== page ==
Before I left for Turkey in 2012, I heard recommendations from everyone I knew on what I should do during my time here. Seeing the Hagia Sophia and the Blue Mosque typically topped the lists of sights to see. Others (sort of) jokingly told me to eat a lot of turkey over here. (Get it? Ha.) Most people didn’t know enough about Turkish cuisine to suggest any actual suggestions.
But for those who have been to this ancient city before, kokoreç (ko-ko-retch) topped the list of things I must do, or rather, eat. Go to the top of the Galata tower and look over the magnificent city? That’s fine and all, as long as you have one of these roasted intestine sandwiches too. So being the adventurous eater that I claim myself to be, ordering a yarım ekmek (half-loaf) was a natural choice.
There are a few places near Tophane, the neighborhood where I lived, to sample this distinctive treat. One of them was plastered with newspaper articles that featured bright pictures of the restaurant with Turkish text that while I could not understand it, I assume it was positive.
So 5 TL (around $3) later, I was the proud owner of one of these unique eats. When an order is placed, a chunk from the long, rotating log of meat and organ is chopped off, hacked into pieces, and quickly griddled with oregano and red pepper. Many places also add chopped pepper and tomato to the mix. For many purists, the vegetables distract from the distinct meatiness, but for me, they were a nice textual change of pace. Whole, the kokoreç resembles a long cigar in shape and color. And if a cigar was tightly bound with intestines, they’d be very similar. And while they may veer off to different paths from there, the feeling of satisfaction after finishing one is quite the same.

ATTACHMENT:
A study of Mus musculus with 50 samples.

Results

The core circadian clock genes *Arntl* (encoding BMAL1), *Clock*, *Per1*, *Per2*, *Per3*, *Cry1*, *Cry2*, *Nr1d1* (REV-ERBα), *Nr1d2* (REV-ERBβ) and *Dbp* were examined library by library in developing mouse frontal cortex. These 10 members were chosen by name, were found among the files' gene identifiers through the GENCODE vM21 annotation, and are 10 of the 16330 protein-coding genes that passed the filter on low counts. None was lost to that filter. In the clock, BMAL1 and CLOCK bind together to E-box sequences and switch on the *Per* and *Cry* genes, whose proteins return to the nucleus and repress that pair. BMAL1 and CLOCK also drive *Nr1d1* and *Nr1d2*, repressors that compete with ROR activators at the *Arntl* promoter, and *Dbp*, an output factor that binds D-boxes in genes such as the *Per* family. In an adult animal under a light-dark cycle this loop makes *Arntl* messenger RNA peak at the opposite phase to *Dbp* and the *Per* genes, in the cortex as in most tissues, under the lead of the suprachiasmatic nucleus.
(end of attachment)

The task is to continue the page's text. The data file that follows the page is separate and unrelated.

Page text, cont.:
After a few of these sandwiches, I realized not to dissect through the sandwich and simply look the other way and take a bite. And take a bite I did. To say that it wasn’t offal would be both a bad pun and a gross understatement.
I ate some of the best food in Turkey and kokoreç is right near the top of my list. I don’t know if it’s the novelty factor of eating all different organs in one sandwich, or that this combination of typically undesirable pieces combine to form a delicious bite.
While the reviews are mixed among those back home, it is much loved among Turks. Best drunk food? Some, dare I say it, less adventurouslocals will say Islak Hamburgers, but for those truly in the know, the answer is kokoreç. And for good reason. It is crunchy in parts, delectably soft and fatty in others, and decadently meaty all over. Even through those pesky tomatoes and peppers, it is the meat that shines through.
On this particular visit, there were a couple of cats gathered around the spit, who like myself, were likely drawn in by the distinctive smell of the meat roasting. Smart cats too, because during the vigorous chopping process for each sandwich, a scrap of meat is bound to fall onto the sidewalk. There are stray cats all across Istanbul, but those cats were the smartest ones I ever saw. Hell, they’ve been here longer than I have; they’re the locals. If they could talk, I would take their word for it.